Blindness finds its way out of the darkness and into a muddled plotline that does the bestselling book it's based on no favors.
Based on acclaimed Portuguese author Jose Saramago's bestseller, a dark fable that saw an epidemic of blindness take over the entire globe, the story now has a more linear interpretation on screen. A city is slowly enveloped with a virus that causes white blindness. The early victims are then quarantined in a hellhole that fosters degrading acts and power plays by one group over the other. All rules of society break down as the blind don't lead the blind--they take advantage of each other, including a gang rape perpetrated on the women by a male faction led by Gael Garcia Bernal. There is one woman (Julianne Moore), married to a doctor (Mark Ruffalo), who actually is the only one who has still retained her sight but she doesn't let on to that fact for most in the facility. She puts a small band of people together and proceeds to lead them out of the darkness of the snake pit they have been thrown into and back to life in the ravaged city.
Despite the grim nature of the story and the somewhat stereotyped nature of many characters in it, Blindness can be thankful to have the luminous presence of Julianne Moore, perhaps the gutsiest actress working in film today. There doesn't seem to be anything she can't--or won't--do for the sake of a movie, and once again she's a strong, centered heroine trying to rise above the most dire circumstances and help others in distress. She's also gone blonde for the role of the Doctor's Wife whose ordered existence is turned upside down when she is suddenly thrust into the most harrowing situation imaginable. Ruffalo does well as the Doctor (none of the characters have been given names, just descriptions) and makes his blindness completely credible. So do the other principals, including Danny Glover as the Man with the Black Eye Patch and Alicia Braga as the Woman with Dark Glasses. Bernal is properly grimy and despicable as the self titled King of Ward Three. The rape act he leads is disturbing and may be a difficult sit for squeamish members of the audience.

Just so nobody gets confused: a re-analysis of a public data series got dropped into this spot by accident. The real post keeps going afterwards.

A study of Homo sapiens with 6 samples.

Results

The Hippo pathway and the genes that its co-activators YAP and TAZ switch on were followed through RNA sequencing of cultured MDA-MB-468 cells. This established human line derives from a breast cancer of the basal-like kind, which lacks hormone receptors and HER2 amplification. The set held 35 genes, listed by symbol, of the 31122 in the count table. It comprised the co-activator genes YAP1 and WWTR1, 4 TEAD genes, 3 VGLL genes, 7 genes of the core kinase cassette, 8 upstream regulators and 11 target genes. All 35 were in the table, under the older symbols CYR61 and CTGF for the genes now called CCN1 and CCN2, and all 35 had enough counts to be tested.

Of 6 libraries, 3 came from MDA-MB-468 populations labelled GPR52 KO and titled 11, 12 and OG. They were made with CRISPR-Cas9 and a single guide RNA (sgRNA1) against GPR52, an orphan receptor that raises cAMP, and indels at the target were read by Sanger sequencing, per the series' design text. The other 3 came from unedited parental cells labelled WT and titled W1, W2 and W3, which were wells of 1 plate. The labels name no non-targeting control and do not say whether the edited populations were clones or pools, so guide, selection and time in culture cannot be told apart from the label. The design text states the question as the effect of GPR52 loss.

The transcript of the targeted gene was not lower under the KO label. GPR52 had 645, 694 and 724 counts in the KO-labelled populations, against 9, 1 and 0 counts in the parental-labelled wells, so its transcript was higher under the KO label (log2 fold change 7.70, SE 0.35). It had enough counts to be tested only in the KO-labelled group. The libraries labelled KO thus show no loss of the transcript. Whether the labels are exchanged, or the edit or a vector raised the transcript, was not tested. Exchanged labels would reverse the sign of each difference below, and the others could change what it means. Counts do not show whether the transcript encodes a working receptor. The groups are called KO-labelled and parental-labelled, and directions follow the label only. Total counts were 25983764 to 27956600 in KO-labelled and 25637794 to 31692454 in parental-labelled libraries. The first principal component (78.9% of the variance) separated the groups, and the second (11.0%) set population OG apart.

It's easy to see why director Fernando Meirelles (City of God, The Constant Gardener) would want to bring Saramago's work to the screen. It offers opportunity for exploration of human behavior in the best and worst of circumstances and serves as a fable for our troubled planet. Something was lost in the translation, though (the screenplay is by actor Don McKellar), and clearly the director has encountered trouble in striking just the right tone to bring the unique flavor of the book to the screen. In fact, there have already been two versions. The first, which opened the Cannes Film Festival in May, featured a lot of whimsical narration by Glover's character, giving it a much different feel, but was not well received by critics. Meirelles, who rushed to finish the film in time for Cannes, went back into the editing room and jettisoned all of Glover's narration. This version is more straightforward but quite frankly seems to have lost its voice. Whatever the initial version's faults, it was genuinely unique and seemed to capture the flavor of the book, which was a very internal read to begin with. Meirelles and his cinematographer, Cear Charlone, have also lightened the picture from the darker palette shown in Cannes. This is a big improvement, but the overall experience is still a tough slog. It all feels like we are locked in a mental ward with these characters, and as a captive audience, you may feel like escaping early too.
Hollywood.com rated this film 2 stars.